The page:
New evidence supports the idea that we live in an area of the universe that is "just right" for our existence. The controversial finding comes from an observation that one of the constants of nature appears to be different in different parts of the cosmos.
If correct, this result stands against Einstein's equivalence principle, which states that the laws of physics are the same everywhere. "This finding was a real surprise to everyone," says John Webb of the University of New South Wales in Sydney, Australia. Webb is lead author on the new paper, which has been submitted to Physical Review Letters.
Even more surprising is the fact that the change in the constant appears to have an orientation, creating a "preferred direction", or axis, across the cosmos. That idea was dismissed more than 100 years ago with the creation of Einstein's special theory of relativity.
At the centre of the new study is the fine structure constant, also known as alpha. This number determines the strength of interactions between light and matter.
A decade ago, Webb used observations from the Keck telescope in Hawaii to analyse the light from distant galaxies called quasars. The data suggested that the value of alpha was very slightly smaller when the quasar light was emitted 12 billion years ago than it appears in laboratories on Earth today.
Now Webb's colleague Julian King, also of the University of New South Wales, has analysed data from the Very Large Telescope (VLT) in Chile, which looks at a different region of the sky. The VLT data suggests that the value of alpha elsewhere in the universe is very slightly bigger than on Earth.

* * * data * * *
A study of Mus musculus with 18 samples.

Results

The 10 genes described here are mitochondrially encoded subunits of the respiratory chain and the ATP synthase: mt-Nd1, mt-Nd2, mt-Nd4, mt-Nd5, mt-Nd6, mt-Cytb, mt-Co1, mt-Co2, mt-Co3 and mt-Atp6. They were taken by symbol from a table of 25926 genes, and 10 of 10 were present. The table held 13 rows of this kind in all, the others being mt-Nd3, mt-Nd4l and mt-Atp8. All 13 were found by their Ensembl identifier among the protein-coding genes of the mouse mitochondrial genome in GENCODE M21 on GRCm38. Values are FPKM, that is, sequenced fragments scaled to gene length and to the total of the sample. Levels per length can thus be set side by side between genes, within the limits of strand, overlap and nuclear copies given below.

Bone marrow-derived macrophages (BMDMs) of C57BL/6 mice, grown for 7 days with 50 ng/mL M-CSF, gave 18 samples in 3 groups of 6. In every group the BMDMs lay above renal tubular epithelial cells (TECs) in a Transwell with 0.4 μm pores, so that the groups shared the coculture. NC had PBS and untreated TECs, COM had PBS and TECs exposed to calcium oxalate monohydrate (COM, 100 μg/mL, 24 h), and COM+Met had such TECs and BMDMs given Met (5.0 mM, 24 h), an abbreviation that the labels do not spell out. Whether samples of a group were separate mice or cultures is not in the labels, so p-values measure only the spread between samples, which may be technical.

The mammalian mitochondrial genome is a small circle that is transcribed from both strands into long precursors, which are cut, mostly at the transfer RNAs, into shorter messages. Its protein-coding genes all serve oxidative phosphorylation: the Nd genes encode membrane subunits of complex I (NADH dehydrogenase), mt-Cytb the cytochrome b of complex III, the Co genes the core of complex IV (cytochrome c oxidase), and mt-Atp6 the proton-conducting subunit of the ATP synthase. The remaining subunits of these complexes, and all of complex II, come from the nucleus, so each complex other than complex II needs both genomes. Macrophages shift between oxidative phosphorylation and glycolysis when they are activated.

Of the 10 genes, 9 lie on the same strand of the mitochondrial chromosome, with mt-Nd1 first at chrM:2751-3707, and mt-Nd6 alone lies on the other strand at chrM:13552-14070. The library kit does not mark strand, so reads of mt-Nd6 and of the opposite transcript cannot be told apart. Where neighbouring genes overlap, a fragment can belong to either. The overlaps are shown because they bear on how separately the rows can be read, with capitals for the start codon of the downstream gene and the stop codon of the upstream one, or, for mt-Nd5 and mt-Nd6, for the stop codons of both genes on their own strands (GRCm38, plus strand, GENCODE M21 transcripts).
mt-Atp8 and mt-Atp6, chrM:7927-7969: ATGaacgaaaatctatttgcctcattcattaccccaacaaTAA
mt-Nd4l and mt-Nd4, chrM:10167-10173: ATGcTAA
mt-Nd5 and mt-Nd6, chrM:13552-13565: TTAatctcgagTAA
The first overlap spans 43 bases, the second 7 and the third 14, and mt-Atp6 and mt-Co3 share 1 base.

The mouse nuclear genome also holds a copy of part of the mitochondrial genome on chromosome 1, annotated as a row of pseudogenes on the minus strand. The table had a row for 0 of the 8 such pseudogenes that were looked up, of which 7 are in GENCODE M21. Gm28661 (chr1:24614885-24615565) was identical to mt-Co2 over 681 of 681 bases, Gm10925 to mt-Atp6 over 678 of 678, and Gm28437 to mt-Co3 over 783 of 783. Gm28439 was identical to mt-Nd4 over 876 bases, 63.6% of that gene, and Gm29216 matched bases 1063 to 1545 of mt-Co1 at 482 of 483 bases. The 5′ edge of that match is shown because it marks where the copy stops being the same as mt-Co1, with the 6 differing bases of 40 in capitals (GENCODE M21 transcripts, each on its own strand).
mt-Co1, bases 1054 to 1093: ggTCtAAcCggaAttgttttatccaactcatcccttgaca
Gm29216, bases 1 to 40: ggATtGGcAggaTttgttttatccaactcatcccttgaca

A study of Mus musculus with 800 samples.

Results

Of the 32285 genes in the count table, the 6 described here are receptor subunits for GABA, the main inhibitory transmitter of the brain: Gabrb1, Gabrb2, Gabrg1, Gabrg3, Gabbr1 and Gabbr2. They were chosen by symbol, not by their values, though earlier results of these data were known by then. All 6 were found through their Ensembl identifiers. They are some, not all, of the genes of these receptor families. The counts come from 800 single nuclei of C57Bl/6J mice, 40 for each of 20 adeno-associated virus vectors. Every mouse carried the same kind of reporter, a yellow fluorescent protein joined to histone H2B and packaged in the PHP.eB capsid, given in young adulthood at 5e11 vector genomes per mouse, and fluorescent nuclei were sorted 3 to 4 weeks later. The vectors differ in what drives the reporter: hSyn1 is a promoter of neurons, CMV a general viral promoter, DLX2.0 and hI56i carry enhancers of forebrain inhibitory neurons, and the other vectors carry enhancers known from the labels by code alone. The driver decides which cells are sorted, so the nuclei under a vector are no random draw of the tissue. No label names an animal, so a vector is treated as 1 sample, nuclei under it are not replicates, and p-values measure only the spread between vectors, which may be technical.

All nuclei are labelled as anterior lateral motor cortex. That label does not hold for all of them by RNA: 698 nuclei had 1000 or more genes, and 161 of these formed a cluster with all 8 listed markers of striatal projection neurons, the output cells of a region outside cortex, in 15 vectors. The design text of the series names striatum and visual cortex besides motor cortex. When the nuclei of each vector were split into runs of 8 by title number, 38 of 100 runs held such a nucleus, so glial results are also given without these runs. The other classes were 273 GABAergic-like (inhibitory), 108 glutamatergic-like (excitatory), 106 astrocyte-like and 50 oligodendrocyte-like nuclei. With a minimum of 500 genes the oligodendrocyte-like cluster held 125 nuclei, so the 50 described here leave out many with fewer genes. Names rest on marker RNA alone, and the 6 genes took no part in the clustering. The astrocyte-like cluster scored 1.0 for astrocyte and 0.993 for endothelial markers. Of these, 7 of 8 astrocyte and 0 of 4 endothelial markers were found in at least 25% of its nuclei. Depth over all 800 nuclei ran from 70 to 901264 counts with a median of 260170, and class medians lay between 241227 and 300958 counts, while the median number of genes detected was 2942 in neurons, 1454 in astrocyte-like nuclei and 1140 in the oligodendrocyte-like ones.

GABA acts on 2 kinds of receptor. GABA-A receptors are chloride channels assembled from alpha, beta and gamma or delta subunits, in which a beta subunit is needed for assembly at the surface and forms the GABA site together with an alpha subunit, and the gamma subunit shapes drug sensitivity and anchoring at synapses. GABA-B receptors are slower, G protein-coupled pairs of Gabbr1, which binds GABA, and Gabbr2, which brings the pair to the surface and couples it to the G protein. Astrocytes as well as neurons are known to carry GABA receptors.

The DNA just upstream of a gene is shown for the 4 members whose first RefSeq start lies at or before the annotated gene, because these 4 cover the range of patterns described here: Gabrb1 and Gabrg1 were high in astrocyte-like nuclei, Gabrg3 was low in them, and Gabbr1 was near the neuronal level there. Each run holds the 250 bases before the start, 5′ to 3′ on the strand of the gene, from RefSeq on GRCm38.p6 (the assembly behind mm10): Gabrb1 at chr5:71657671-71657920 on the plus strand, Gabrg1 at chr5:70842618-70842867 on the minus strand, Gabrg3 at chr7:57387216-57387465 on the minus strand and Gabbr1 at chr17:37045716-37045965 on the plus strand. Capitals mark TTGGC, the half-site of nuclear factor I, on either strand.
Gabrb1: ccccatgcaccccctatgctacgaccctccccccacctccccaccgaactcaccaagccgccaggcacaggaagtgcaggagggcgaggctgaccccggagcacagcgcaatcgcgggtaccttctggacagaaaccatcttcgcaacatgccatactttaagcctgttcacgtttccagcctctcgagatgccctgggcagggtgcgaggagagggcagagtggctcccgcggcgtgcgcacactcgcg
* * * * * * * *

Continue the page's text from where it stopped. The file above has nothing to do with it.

The difference in both cases is around a millionth of the value alpha has in our region of space, and suggests that alpha varies in space rather than time. "I'd quietly hoped we'd simply find the same thing that Keck found," King says. "This was a real shock."
Moreover, the team's analysis of around 300 measurements of alpha in light coming from various points in the sky suggests the variation is not random but structured, like a bar magnet. The universe seems to have a large alpha on one side and a smaller alpha on the other.
This "dipole" alignment nearly matches that of a stream of galaxies mysteriously moving towards the edge of the universe. It does not, however, line up with another unexplained dipole, dubbed the axis of evil, in the afterglow of the big bang.
Earth sits somewhere in the middle of the extremes for alpha. If correct, the result would explain why alpha seems to have the finely tuned value that allows chemistry – and thus life – to occur. Grow alpha by 4 per cent, for instance, and the stars would be unable to produce carbon, making our biochemistry impossible. ...
via Laws of physics may change across the universe - space - 08 September 2010 - New Scientist.